Long-Term Minocycline Treatment May Turn Your Skin Blue

By Seppo | Acne drugs

OK, sorry about the sensational headline, I just couldn’t resist. Especially since there’s a grain of truth to it. I just came across case reports and papers reporting skin hyperpigmentation after minocycline treatment. These describe people who have developed blue/gray areas on their skin following minocycline treatment. Apparently this not so common but also not rare side-effect has been known since 1978.

What does it look like

Here are two cases that developed around acne scars, apparently this sort of hyperpigmentation can develop even after fairly short treatments (more on that later).

minocycline-hyperpigmentation

Source: A new type of minocycline-induced cutaneous hyperpigmentation

Here’s another case that developed for an older man who took minocycline for rheumatoid arthritis.

minocycline-hyperpigmentation-2

Source: Minocycline-induced hyperpigmentation: comparison of 3 Q-switched lasers to reverse its effects.

As you can see from the image on the left, most of the face is covered with dark patches. The image on the right shows more normal looking skin, after laser treatment.

Here’s yet another case.

drug_induced_hyperpigmentation-7

Source: Drug-induced Hyperpigmentation

In short, it’s not pretty. I’m not sure which one is worse, this or acne.

When does this happen?

The good news is that these side-effects are not that common. The bad news is that there’s no clear relationship between treatment dosage and duration and occurrence of hyperpigmentation.

Here are some things we can say:

  • Based on the few studies available, this kind of hyperpigmentation occurs in 2.4 to 14.8% of patients on long-term minocycline treatments (3 months of more).
  • The risk increases with dosage. Papers mention 100 mg/day or more as risk dosage. Unfortunately this fall right in the middle of common acne treatment dosages, which are 100 to 200 mg/day for treatment and 50 to 100 mg/day for maintenance.
  • This happens far more often in patients on long-term treatments, usually 3 months or more. One paper noted that 50% of people who were treated for 3 years or more developed hyperpigmentation.
  • The risk probably increases with age.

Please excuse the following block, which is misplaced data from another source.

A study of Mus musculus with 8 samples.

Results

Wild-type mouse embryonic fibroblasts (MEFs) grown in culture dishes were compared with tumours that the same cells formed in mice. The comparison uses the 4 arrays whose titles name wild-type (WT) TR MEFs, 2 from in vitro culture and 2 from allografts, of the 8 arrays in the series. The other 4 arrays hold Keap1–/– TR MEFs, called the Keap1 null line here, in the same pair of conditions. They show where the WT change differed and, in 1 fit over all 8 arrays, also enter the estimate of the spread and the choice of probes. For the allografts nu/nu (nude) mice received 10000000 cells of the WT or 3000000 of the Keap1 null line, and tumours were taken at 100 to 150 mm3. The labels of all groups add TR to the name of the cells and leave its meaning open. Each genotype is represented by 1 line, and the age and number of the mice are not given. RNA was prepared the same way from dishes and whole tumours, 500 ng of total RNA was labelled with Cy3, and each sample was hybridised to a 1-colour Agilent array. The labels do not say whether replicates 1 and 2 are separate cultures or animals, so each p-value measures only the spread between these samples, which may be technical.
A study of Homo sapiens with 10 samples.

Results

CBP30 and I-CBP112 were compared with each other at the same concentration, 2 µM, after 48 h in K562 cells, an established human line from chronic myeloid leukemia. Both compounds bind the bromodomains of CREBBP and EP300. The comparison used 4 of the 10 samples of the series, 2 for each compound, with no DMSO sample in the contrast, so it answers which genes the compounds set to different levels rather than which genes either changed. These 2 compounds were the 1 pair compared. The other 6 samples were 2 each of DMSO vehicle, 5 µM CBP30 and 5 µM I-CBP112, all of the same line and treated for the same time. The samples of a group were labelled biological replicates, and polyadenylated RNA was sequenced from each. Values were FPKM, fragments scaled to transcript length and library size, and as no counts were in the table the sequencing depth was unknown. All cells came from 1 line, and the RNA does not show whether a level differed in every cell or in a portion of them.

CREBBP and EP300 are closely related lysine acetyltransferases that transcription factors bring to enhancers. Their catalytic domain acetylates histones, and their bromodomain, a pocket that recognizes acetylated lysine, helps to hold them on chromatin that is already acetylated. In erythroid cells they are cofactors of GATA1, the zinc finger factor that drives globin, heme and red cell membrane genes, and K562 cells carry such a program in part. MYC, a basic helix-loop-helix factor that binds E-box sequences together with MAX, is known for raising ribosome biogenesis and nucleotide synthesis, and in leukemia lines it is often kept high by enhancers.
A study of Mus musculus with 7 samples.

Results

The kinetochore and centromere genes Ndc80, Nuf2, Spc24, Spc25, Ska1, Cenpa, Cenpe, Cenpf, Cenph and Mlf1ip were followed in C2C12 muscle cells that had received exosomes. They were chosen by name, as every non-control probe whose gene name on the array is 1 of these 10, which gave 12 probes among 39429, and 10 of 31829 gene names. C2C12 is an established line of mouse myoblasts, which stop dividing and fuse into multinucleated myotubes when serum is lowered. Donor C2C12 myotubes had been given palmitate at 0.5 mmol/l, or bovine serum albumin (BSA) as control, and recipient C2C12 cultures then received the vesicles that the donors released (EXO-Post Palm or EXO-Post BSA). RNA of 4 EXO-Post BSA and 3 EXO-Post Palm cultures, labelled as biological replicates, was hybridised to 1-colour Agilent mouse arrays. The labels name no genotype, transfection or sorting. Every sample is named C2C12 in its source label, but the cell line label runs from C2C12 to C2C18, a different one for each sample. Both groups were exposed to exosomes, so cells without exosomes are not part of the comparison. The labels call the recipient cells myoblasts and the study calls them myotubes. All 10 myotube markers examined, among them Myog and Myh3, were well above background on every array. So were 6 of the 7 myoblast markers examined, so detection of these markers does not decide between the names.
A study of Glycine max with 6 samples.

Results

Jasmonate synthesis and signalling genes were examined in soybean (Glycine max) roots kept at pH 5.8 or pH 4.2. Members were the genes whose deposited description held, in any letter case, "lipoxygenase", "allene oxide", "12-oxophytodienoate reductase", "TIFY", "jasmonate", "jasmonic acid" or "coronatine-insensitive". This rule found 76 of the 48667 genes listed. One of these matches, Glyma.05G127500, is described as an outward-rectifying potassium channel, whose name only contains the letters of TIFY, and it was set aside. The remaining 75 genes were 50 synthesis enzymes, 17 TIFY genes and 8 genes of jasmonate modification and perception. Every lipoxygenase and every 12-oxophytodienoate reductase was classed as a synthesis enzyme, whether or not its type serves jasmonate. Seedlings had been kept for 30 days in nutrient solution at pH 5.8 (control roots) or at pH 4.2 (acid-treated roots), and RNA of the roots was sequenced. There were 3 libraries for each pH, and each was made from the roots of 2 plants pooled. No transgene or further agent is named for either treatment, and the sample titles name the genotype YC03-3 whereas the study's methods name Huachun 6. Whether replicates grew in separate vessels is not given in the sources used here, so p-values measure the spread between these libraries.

• Unprotected sun exposure may also increase your risk.
  • All the reports deal with minocycline. I can’t say whether something like this can happen with other antibiotics.

That said, some cases have been reported with treatments as short as 20 days. Apparently, hyperpigmentation around acne scars (see the first images) is more common after shorter treatments than hyperpigmentation that affects unscarred skin.

Affected areas

This kind of discoloration isn’t limited to skin, it can also affect nails and nail bed, teeth, mouth, internal organs and even mother’s milk.

How long it lasts

In many cases discoloration fades over time, but this can take months or years. The first pictures were taken 43 months after the discoloration happened. Some papers also mention this is permanent.

Is there anything you can do about it?

Fortunately, yet. I couldn’t find any studies on this, but there are several case reports of these being successfully treated with different laser treatments.

Conclusion

I don’t want this post to sound like fear-mongering. I had never heard of this before, dermatologists had never mentioned this possibility to me. So when I came across these case reports, I wanted to tell you about it. This, I believe, is information you should have when considering antibiotic treatments for acne. Especially since most people believe antibiotics are more or less harmless.

But these reports show that minocycline treatment for acne carries a small, but not insignificant, risk of staining your skin.

In case you are thinking of antibiotic treatment, you should also see this post: Acne Antibiotics – Short Term Gain With Long Term Harm.


Seppo Puusa, a.k.a. AcneEinstein shares rational advice about natural and alternative acne treatments. Read more about me and my acne struggles at the page.